By Matt Reese
In the soggy battle with wet weather this fall, Jake Culler in Ashland County (a featured farmer in Between the Rows) said they did not start planting most of their wheat until Nov. 4. Although it is well past the recommended time for planting wheat, the Cullers are hoping to get another 60 or 70 acres in this week to maintain their rotation and produce straw for their dairy.
“Wheat planted this late will likely not tiller well enough going in to winter and as such will likely suffer severe winter-kill,” said Pierce Paul, OSU Extension plant pathologist. “However, if you are lucky and Mother Nature cooperates, weather conditions in November and early December may be mild enough to allow the crop to emerge and develop a few tillers before going into dormancy. In addition, some growth and tiller development may also occur in early spring, again if the weather cooperates.”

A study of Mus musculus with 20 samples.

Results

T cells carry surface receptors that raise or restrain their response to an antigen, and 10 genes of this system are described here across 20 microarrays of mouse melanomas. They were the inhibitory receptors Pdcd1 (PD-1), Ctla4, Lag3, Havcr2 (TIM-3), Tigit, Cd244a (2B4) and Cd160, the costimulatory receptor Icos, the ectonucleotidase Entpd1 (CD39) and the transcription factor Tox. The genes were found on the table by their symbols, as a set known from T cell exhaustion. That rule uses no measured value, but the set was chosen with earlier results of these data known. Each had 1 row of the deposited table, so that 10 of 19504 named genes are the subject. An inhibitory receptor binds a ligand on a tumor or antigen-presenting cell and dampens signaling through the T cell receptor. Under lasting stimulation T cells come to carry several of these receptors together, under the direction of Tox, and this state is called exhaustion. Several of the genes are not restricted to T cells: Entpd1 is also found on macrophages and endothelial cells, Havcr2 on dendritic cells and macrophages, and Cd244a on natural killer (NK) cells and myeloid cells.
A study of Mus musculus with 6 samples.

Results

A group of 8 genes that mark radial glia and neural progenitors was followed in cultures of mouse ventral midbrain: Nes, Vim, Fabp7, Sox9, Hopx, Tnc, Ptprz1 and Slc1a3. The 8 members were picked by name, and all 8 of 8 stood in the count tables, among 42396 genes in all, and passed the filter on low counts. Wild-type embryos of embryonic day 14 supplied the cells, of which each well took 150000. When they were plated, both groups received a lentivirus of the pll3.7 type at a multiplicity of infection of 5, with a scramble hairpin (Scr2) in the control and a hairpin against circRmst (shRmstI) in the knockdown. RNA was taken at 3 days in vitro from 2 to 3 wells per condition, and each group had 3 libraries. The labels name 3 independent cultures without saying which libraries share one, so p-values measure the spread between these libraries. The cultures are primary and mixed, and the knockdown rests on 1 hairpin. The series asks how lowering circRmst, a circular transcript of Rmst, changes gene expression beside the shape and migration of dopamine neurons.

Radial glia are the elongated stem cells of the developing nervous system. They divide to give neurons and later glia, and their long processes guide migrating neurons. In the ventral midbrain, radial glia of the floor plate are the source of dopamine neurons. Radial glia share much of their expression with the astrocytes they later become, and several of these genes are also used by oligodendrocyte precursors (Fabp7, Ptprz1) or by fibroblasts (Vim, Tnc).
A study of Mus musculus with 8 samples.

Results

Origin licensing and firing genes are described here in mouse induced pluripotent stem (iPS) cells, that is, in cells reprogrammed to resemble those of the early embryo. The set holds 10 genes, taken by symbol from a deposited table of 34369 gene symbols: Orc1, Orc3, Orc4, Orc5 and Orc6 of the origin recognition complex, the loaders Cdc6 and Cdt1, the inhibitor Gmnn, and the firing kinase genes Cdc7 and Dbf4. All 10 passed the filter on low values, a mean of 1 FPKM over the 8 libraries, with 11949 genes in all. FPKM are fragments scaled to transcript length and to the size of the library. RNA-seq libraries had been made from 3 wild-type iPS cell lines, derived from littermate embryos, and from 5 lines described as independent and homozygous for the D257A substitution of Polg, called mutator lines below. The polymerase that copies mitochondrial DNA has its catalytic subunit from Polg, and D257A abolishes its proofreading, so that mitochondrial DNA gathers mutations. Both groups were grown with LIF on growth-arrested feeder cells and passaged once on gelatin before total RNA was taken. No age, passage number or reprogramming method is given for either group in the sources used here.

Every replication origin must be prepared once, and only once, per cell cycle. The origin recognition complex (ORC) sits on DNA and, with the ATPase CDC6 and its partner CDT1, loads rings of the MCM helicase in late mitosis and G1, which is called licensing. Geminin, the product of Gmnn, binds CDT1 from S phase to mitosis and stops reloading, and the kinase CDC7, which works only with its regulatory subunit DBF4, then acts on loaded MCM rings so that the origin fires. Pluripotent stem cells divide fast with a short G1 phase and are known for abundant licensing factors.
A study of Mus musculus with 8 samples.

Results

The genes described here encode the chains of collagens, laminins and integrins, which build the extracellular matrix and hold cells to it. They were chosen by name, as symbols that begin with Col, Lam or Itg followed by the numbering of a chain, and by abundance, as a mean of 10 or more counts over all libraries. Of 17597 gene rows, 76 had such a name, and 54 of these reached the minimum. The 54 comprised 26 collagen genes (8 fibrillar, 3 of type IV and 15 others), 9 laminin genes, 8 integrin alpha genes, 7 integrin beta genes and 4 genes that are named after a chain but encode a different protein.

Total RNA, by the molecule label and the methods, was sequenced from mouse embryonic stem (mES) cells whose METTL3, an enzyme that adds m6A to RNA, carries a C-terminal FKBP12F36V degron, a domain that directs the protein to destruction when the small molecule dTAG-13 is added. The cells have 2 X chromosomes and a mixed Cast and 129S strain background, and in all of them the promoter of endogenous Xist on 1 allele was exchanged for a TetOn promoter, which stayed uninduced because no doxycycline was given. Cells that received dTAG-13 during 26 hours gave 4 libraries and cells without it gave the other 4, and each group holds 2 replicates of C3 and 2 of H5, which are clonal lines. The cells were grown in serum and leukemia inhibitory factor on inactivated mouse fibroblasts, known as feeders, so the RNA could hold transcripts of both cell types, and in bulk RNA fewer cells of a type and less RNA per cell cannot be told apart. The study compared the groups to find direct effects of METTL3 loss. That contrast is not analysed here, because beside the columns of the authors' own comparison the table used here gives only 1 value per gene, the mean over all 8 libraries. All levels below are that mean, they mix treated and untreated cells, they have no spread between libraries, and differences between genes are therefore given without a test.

To compensate for low tiller development, Paul recommends that any wheat planted this late should be planted at higher-than-normal seeding rates of 2 to 2.2 million seeds per acre.
“There is little research data from Ohio on the effect of seeding rates higher than 2 million seeds per acre on yield, so it is difficult to say what to expect. But even at a very high seeding rate, the success of a November-planted wheat crop will depend on the weather,” Paul said. “So as you prepare to seed your November wheat, be prepared for relatively poor stands and lower-than-normal yields. Remember, if the crop looks very bad in the spring, you can always replace it with corn or soybean. However, Mother Nature may just surprise us. There have been previous reports of November-planted wheat in Ohio yielding more than 60 bushels per acre.”